Search for "New France"
Literary History in English in the 21st century
This troubled period began with the Y2K scare, when COMPUTER programs worldwide were expected to fail. 3000 people, 25 of them Canadian, died in the New York Trade Center bombings on "9-11" 2001.
Literary History in English 1867-1914
With Confederation came immediate calls for Maritime separation but also a quickened interest in the growth of a national culture. Journalists and academic essayists earnestly disputed Canada's political destiny.
Literary History in English 1960-1980
The period between 1960 and 1980 was a definitive moment in Canadian literary history. Energized by the country’s centennial celebrations and widespread cultural nationalism, authors were excited by the prospect of Canadian literature as a means to help develop a national identity.
Literary History in English 1914-1940
The FIRST WORLD WAR featured variously in Canadian LITERATURE: as historical subject and setting, metaphor of personal conflict and national coming-of-age, test of loyalty, instance of officiousness, and prototype of political bias (SeeFIRST WORLD WAR IN CANADIAN LITERATURE).
Literary History in English 1980-2000
The last two decades of the 20th century were marked by growing social and economic conservatism, a tendency towards fewer gambles in PUBLISHING ventures, and a greater reliance on computer TECHNOLOGY (e-mail, internet communications, electronic journals such as Frank DAVEY's Swift Current): A.K.
Filles du Roi
Unmarried women sponsored by the king to immigrate to New France between 1663 and 1673. Private interests gave priority to bringing over male workers, and the French government and religious communities wanted to correct the gender imbalance in the colonies.
Maison Saint-Gabriel is a museum and historic site that openedin 1966. This 300-year-old building, located in Montréal’s Pointe-Sainte-Charles district, is one of the finest examples of the traditional architecture of New France.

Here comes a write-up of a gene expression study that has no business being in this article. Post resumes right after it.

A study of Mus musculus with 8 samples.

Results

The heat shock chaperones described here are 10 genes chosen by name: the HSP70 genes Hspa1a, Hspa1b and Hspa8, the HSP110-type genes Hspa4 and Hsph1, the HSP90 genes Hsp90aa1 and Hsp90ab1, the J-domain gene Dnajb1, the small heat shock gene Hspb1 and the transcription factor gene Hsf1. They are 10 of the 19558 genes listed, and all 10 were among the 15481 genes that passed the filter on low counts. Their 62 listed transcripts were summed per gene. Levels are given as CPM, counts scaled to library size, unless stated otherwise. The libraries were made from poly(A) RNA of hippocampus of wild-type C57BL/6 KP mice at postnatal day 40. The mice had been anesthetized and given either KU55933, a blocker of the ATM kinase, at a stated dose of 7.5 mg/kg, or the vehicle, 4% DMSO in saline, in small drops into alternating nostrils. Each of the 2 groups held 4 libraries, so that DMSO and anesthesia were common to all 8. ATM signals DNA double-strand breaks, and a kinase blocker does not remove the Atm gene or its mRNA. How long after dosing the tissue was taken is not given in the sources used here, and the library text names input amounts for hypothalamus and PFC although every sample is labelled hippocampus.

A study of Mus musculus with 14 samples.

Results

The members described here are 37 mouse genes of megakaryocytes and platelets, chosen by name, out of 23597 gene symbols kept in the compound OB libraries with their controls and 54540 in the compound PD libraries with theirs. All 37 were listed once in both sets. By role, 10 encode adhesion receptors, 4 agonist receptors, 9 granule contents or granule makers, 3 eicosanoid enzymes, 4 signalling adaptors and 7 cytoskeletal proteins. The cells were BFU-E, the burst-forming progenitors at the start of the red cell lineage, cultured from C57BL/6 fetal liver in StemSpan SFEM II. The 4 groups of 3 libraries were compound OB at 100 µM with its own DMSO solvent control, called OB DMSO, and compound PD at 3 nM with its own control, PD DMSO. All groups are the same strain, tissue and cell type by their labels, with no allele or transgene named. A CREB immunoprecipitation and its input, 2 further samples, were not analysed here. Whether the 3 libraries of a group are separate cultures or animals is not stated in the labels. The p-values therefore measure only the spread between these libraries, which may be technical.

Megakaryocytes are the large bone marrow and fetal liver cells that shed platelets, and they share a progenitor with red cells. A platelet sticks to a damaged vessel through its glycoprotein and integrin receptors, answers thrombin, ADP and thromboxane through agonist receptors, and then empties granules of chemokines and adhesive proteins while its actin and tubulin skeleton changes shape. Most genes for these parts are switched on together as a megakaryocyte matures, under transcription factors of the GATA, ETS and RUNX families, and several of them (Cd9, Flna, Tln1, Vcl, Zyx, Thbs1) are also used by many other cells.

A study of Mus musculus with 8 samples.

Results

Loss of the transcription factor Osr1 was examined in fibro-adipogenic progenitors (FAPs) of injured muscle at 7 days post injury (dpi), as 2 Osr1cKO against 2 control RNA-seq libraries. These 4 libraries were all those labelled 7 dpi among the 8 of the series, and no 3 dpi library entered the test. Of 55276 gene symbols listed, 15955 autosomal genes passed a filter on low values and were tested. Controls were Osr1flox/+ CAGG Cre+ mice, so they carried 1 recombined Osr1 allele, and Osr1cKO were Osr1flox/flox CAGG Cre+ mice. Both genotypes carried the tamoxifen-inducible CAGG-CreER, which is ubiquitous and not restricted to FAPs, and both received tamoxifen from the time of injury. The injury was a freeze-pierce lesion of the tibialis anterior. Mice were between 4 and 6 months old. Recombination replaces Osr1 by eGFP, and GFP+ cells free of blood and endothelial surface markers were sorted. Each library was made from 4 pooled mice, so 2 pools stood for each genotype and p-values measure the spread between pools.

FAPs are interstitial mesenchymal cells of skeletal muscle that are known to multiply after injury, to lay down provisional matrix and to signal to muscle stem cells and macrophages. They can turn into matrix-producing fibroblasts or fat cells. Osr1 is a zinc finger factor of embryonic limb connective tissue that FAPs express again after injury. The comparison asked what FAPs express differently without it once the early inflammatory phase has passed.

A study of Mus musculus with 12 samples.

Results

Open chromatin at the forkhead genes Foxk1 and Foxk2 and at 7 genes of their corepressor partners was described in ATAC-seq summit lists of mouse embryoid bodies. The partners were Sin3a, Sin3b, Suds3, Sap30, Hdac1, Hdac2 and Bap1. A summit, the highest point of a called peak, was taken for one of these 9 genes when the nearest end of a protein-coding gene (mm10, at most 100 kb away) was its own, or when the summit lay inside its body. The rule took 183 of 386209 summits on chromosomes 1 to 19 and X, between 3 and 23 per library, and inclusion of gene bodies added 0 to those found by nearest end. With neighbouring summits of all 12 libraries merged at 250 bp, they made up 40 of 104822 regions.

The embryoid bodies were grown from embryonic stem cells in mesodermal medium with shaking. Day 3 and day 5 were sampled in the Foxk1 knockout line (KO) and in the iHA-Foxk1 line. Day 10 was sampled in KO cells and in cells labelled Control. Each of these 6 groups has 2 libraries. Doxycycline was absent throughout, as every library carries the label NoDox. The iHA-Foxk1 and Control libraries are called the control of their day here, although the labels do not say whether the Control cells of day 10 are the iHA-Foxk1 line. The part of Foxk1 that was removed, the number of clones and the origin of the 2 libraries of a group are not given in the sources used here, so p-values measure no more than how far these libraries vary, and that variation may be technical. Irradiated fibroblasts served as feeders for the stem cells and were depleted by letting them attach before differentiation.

Capote, a hooded greatcoat rather like a parka, usually worn with a sash around the waist, popular with habitants of New France and French Canadian traders and trappers. The word is derived from the French word for "cape.
Brandy Parliament, an assembly of 20 notables of New France, who on 10 October 1678 were asked their opinion of the sale of brandy to the Indigenous peoples. The title was bestowed in 1921 by historian W.B. Munro.
Shipbuilding and Ship Repair
The first SAILING SHIPS built in what is now Canada were 2 small craft launched at PORT-ROYAL, Acadia, by François Gravé du Pont in 1606. The first recorded seagoing vessel, Galiote, was built in NEW FRANCE in 1663.
Treaty of Breda
Breda, Treaty of, agreements signed 21 July 1667 at Breda, the Netherlands, between England and the Netherlands and between England and France, ending the second Anglo-Dutch War. The former treaty recognized the English conquest of Amsterdam (New York) in 1664.
Unique to French-speaking Canada, the collège classique (classical college) has over the centuries prepared Québec's social and intellectual elite for higher education. The first classical college was COLLÈGE DES JÉSUITES, established in New France by Jesuit missionaries in 1635.
Missions and Missionaries
In New France as elsewhere the christianization of the Indigenous population was an ostensible motive for European occupation, and trading companies and governors were under official pressure to provide it. The actual work was left largely to religious orders and societies.
Capitulation of Montréal 1760
The capitulation of Montréal to the British on 8 September 1760 effectively completed Britain’s conquest of New France in the Seven Years' War (the war itself would continue until 1763, at which point the French colony formally became a British possession).
Université du Québec en Outaouais (UQO)
The Université du Québec en Outaouais (UQO) is part of the Université du Québec (UQ), the only public university network in Canada. The UQO’s main campus is located in the Outaouais region.
Voyageurs were independent contractors, workers or minor partners in companies involved in the fur trade. They were licensed to transport goods to trading posts and were usually forbidden to do any trading of their own. The fur trade changed over the years, as did the groups of men working in it. In the 17th century, voyageurs were often coureurs des bois — unlicensed traders responsible for delivering trade goods from suppliers to Indigenous peoples. The implementation of the trading licence system in 1681 set voyageurs apart from coureurs des bois, who were then considered outlaws of sorts. Today, the word voyageur, like the term coureur des bois, evokes the romantic image of men canoeing across the continent in search of furs. Their life was full of perilous adventure, gruelling work and cheerful camaraderie.
Gouverneur (governor), the French monarch's official representative in NEW FRANCE. The office, created before a complete system of government had been established, was always granted to a member of the nobility by royal commission, and the appointment could be withdrawn at any time.
The practice of offering regular gifts to Indigenous trading partners and allies, begun by Governor Montmagny in 1648, was, by the end of the 17th century institutionalized as the "Présents du Roy" at the annual meeting with the governor-general of New France at Montréal.